Bordeaux 2016: An Unexpected Vintage (Part 2)


A hot and dry summer

The summer period reversed the favorable trend. The month of July was the driest of the last 10 vintages with less than 10mm of rainfall. The month of August and the first half of September, in addition to being dry, brought maximum temperatures above seasonal averages. This caused moderate to strong water deficits post-veraison. Water deficit severity varied according to the terroirs. It was not until September 13 that rains finally relieved the water deficit. Numerous studies (Herrera et al., 2015, Kyraleou et al., 2015 etc.) show that water deficit boosts the accumulation of anthocyanins in the berries as log as it stays moderate and at the right time of berry development.

The high temperatures during the first phase of maturation accelerated sugar accumulation and malic degradation in the berries, decoupling technological and phenolic maturity. According to an article published in 2016 by Casassa, high temperatures also increase the extraction of tannins. Finally, numerous studies show a positive impact of light on skin tannins and anthocyanins (Blankaert, 2015).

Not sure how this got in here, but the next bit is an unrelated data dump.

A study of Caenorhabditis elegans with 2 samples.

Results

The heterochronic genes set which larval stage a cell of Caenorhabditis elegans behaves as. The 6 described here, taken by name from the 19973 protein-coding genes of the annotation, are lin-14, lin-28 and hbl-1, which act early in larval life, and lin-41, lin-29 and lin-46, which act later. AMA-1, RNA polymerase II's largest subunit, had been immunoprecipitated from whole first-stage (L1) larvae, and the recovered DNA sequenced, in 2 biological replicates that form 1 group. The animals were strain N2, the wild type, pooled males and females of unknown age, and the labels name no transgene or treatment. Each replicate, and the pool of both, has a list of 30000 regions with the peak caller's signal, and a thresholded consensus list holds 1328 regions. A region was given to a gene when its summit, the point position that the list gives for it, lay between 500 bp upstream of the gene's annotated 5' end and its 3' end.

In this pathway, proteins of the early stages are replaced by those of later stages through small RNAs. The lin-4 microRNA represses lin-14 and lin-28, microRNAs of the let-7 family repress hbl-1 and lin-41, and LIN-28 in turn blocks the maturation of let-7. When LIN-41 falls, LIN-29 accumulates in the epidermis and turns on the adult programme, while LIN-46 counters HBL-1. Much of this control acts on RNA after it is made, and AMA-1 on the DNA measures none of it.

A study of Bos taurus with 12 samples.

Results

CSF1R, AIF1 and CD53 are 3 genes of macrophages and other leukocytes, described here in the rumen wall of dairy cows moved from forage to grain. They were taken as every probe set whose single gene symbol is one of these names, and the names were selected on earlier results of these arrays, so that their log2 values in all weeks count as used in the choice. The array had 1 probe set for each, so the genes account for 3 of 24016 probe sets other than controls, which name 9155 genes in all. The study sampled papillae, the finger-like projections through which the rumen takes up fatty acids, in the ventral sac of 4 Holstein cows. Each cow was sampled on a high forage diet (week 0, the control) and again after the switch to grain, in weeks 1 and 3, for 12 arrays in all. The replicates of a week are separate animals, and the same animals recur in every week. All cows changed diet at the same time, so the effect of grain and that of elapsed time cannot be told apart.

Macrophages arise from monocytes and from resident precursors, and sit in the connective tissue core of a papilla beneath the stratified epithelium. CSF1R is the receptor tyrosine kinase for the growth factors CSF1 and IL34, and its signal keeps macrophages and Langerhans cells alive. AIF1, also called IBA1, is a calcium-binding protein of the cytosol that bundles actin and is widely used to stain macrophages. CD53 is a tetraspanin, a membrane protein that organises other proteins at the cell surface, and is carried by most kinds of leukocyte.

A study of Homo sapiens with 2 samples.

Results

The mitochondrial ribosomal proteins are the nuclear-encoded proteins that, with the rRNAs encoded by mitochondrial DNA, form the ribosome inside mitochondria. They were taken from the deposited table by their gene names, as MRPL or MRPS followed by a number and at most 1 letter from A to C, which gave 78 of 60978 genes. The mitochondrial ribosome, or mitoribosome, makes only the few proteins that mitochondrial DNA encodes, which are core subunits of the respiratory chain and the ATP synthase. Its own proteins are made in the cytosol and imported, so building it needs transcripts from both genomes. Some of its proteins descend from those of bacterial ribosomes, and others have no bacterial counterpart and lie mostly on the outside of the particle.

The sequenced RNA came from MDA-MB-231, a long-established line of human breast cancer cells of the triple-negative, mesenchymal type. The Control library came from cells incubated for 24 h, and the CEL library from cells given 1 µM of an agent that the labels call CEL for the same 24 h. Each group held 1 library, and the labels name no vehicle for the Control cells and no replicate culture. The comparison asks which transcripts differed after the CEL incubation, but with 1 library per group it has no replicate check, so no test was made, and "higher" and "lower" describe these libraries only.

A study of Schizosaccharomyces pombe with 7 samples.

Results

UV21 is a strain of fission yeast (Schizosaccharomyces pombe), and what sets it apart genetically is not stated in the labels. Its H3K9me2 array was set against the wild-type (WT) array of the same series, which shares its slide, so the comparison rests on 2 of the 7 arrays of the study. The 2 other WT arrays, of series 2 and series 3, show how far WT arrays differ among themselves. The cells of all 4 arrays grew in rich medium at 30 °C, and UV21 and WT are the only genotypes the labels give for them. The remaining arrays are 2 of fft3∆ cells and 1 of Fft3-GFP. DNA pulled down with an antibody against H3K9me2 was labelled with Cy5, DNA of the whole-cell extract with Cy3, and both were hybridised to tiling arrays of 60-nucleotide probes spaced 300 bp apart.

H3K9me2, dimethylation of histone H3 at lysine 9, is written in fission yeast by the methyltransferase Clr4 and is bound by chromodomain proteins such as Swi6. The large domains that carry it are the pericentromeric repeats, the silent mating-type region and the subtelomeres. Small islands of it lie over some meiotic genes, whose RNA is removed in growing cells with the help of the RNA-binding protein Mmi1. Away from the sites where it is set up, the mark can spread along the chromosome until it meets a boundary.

Delayed harvest and elegant wine tannins

From the second half of September, temperatures decreased significantly. The cooler conditions enhanced the preservation of  berry aromatic quality and pushed back the maturity process. The delayed harvest dates made it possible to decrease tannins molecular mass and thus their activity (Campbell, 2016). (NB : Tannins Activity is a new physical concept. It aims at quantifying the potential interaction between tannins and salivary proteins). These conditions were propitious to the development of wines with more elegant tannins.

In conclusion, after a complicated start of the season, the hot and dry summer followed by cooler climatic conditions facilitated the development of an elegant maturation profile, and thus produced balanced wines (measured by alcoholic concentration versus acidity) that are rich in color and tannins.

Read the original article in French here.